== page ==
Journal cover Journal topic
Biogeosciences An interactive open-access journal of the European Geosciences Union
Journal topic
Volume 11, issue 19
Biogeosciences, 11, 5595–5606, 2014
https://doi.org/10.5194/bg-11-5595-2014
© Author(s) 2014. This work is distributed under
the Creative Commons Attribution 3.0 License.
Biogeosciences, 11, 5595–5606, 2014
https://doi.org/10.5194/bg-11-5595-2014
© Author(s) 2014. This work is distributed under
the Creative Commons Attribution 3.0 License.

Research article 14 Oct 2014

Research article | 14 Oct 2014

Net primary production of Chinese fir plantation ecosystems and its relationship to climate

L. Wang1,2, Y. Zhang2, F. Berninger2,3, and B. Duan2 L. Wang et al.
  • 1Chengdu Institute of Biology, Chinese Academy of Sciences, P.O. Box 416, Chengdu 610041, China
  • 2Key Laboratory of Mountain Surface Processes and Ecological Regulation, Institute of Mountain Hazards and Environment, Chinese Academy of Sciences, Chengdu 610041, China
  • 3Department of Forest Sciences, P.O. Box 27, 00014, University of Helsinki, Finland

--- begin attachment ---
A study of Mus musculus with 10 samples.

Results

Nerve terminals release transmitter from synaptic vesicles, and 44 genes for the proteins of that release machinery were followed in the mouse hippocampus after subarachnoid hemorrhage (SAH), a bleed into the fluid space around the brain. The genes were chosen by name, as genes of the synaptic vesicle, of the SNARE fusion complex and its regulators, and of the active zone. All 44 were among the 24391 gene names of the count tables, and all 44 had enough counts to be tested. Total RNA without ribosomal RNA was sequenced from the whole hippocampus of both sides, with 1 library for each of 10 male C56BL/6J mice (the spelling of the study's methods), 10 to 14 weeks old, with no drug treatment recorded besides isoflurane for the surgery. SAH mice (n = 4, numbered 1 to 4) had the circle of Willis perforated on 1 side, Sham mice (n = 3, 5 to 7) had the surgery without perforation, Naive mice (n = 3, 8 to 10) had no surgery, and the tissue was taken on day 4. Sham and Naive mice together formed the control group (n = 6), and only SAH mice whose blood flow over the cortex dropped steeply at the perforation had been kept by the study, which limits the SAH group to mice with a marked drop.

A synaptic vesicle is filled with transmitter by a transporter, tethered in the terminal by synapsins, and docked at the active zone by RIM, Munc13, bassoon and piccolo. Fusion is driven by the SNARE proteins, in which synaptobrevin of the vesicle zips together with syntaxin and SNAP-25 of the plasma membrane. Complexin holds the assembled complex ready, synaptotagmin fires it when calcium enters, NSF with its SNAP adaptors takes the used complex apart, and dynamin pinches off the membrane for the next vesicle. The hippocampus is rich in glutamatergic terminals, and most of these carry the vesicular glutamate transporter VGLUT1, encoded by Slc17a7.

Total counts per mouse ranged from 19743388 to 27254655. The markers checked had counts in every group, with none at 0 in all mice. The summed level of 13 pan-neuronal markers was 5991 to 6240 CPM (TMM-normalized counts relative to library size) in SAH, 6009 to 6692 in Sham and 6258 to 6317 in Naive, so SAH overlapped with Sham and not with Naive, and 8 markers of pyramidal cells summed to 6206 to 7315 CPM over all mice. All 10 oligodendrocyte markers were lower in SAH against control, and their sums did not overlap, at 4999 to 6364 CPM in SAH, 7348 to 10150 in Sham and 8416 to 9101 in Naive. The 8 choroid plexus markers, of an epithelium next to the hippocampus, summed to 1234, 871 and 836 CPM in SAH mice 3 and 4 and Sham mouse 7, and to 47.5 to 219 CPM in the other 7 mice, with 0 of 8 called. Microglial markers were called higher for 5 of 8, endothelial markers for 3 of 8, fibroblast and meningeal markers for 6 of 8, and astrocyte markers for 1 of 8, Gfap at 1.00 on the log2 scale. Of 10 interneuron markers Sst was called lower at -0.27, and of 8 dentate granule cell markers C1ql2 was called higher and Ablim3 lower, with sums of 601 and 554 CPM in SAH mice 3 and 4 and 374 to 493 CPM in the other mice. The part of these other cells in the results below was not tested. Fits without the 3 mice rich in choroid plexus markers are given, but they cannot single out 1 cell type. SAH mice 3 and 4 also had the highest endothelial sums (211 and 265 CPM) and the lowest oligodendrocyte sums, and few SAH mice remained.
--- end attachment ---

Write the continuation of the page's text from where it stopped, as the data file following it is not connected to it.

Abstract. This article investigates the relationship between net primary production (NPP) of Chinese fir, temperature and precipitation. The spatial–temporal NPP pattern in the potential distribution area of Chinese fir from 2000–2010 was estimated utilizing a MODIS MOD17 product in a geographic information system (GIS) environment. The results showed that the highest NPP value of Chinese fir is in the Fujian province in the eastern part of the study region. The relationship between NPP of Chinese fir and climate variables was analyzed spatially and temporally. On the regional scale, precipitation showed higher correlation coefficients with NPP than did temperature. The spatial variability pattern indicated that temperature was more important in central and eastern regions (e.g. Hunan and Fujian province), while precipitation was crucial in the northern part (e.g. Anhui province). Zonal analysis revealed that the impact of precipitation on the production was more complicate than that of temperature; larger amount of precipitation is not always corresponding with greater NPP value. When compared to natural forests, plantations appear to be more sensitive to the variability of precipitation, which indicates their higher vulnerability under climate change. Temporally, NPP values decreased despite of increasing temperatures, and the decrease was larger in plantations than among other vegetation types.